Can formalizing the stalemate cool things down in North Korea?



Let me say right off the bat that I am not an expert on foreign policy so I could be way off base here but it seems to me that there are three possibilities for the current standoff between the United States and North Korea.

1) At some point, there is a war between the United States and China that absolutely no one wants.

2) The current stalemate which started almost 65 years ago continues with no end in site but with occasional flare ups. or

3) Everyone admits that 1) is a distinct possibility and that 2) is getting tiresome and takes steps to avert it.

The Korean War ended in 1953 but with no permanent peace treaty. Since then the two sides have faced off across the border, ready to resume hostility at a moment’s notice.

North Korea would love to reunite the Korean Peninsula, through force if necessary. However, they know that any military action would involve full-scale war with the United States and would alienate China. North Korea is economically dependent on China and China and the United States are economically dependent on one another; creating a sort of economic Mutual Assured Destruction (MAD). A war between the two countries would almost immediately cause an economic cotastrophe in both.

South Korea would also love to reunite Korea but seems to want peace more than anything.

China would love for the situation to improve but won’t accept the United States military or a strong ally of the United States on the Chinese border.

The United States would love for the situation to end; would love to be able to withdraw its forces and would love to reunite the Korean Peninsula. The US knows, however, that war with North Korea means war with China.

The rest of Asia, and the world really, would love for the situation to end but primarily lives in fear of it escalating.

So, it seems to me that the first step in resolving the situation involves everyone acknowledging that it’s a stalemate and that there is no solution in the foreseeable future. A permanent de-escalation of the situation could look something like this:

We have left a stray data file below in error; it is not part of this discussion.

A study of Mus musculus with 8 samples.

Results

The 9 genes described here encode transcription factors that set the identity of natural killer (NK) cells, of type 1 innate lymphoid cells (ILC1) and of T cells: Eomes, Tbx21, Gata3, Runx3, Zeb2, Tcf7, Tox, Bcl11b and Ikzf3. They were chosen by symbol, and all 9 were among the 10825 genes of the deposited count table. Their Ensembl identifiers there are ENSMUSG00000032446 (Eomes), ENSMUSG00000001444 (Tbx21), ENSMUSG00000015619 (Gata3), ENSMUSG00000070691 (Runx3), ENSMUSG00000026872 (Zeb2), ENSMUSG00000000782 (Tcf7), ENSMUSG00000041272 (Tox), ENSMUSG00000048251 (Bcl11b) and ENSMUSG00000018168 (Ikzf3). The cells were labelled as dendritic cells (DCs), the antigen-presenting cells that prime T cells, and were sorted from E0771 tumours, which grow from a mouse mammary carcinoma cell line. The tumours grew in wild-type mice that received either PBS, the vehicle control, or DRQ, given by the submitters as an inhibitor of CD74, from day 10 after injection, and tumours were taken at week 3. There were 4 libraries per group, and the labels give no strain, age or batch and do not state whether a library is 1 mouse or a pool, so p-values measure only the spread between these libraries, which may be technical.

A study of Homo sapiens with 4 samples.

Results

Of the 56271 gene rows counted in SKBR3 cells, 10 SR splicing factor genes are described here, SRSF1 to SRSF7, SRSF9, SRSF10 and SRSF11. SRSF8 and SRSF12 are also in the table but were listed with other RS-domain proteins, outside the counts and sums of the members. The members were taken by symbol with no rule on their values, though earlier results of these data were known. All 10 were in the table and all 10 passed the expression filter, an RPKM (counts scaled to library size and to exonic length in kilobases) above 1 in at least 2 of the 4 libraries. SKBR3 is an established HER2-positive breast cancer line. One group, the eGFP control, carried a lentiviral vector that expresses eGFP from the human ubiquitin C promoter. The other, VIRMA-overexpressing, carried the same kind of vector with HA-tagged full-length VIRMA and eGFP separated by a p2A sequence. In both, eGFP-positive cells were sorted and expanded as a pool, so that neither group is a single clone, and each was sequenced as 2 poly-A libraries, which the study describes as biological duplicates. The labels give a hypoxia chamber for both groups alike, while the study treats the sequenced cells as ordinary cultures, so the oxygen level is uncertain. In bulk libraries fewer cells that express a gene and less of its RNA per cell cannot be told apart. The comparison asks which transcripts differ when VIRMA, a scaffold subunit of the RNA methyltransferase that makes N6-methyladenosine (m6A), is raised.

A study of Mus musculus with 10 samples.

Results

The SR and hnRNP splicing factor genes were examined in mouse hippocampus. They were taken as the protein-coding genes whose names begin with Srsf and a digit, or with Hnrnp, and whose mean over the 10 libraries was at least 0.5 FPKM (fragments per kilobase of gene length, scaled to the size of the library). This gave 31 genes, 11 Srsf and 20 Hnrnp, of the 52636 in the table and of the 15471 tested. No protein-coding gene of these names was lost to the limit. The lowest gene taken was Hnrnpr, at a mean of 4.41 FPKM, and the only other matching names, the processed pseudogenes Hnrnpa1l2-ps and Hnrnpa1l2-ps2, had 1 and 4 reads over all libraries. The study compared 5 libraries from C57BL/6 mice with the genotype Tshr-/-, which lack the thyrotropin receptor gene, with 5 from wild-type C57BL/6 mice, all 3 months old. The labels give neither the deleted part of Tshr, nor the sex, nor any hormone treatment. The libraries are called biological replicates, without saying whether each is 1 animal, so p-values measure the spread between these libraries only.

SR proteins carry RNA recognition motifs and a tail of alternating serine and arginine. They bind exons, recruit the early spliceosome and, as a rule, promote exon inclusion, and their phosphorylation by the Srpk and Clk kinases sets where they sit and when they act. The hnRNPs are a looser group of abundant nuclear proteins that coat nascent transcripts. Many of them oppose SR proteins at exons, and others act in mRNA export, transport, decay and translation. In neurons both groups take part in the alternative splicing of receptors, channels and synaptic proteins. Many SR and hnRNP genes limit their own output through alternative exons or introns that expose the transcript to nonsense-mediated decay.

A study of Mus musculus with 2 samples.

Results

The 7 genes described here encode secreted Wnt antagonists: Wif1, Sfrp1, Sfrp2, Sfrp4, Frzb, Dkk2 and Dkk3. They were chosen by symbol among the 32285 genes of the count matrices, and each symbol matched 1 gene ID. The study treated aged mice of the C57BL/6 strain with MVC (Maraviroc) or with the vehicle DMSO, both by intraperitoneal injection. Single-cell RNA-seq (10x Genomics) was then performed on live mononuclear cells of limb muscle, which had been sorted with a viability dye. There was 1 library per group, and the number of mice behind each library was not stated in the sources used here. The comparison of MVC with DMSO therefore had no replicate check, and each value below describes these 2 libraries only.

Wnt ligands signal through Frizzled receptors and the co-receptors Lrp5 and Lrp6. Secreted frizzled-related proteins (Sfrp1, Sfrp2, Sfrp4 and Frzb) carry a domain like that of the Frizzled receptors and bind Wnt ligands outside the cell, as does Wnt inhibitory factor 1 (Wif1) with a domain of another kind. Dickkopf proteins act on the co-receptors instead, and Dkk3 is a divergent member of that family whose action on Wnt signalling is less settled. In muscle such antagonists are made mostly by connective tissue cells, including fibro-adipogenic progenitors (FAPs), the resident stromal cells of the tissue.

The US accepts that North Korea is now a nuclear power, as suggested by former US Director of National Intelligence James Clapper. Next, as suggested by former Canadian national security analyst Stephanie Carvin he US and the world shifts focus to making sure that North Korea doesn't become a nuclear arms dealer and nuclear weapons consultant to other countries and terrorist organizations.

China is already recognized as a nuclear power. If we accept that North Korea is essentially a Chinese satellite, and China agrees to take steps to ensure responsible behavior by the North then nothing has changed substantially in terms of geopolitics.

So, China agrees to ensure the safety of Korean nuclear weapons by having personnel at all North Korean nuclear facilities. China and North Korea both agree that North Korea will not sell or trade nuclear technology or secrets and that North Korea will not launch a nuclear first strike or any military action against South Korea. Finally, China agrees to put a symbolic military force on the border between North and South Korea.

The United States agrees to reduce its forces on the Korean border to a smaller, mostly symbolic, UN led force and agrees not to launch a military first strike against North Korea (nuclear or otherwise).

The UN, along with the US agrees to remove all sanctions against North Korea, allowing the North Korean economy to grow so that it doesn't feel the need to sell nuclear technology. The UN additionally strengthens the Nuclear Non-Proliferation Agreement and declares any steps by any nation to develop a new nuclear program to be an act of war against all the members of the UN.

I know that there are many who will oppose ending the sanctions but the reality is that they have never worked, and have done no harm at all to the North Korean regime. It is possible that we can accomplish more through engagement than we've been able to through isolation. It has worked before.

Finally, all parties agree to recognize the current boundaries of North and South Korea and to begin good faith negotiations toward a lasting peace treaty to finally put a formal end to the Korean War.

Again, I'm no international relations expert but it seems to me that by acknowledging and formalizing the current standoff and admitting that it isn't going to change soon, we can calm things down, give all sides some peace of mind and ensure that there won't be any fighting in the foreseeable future, because if there is everyone loses.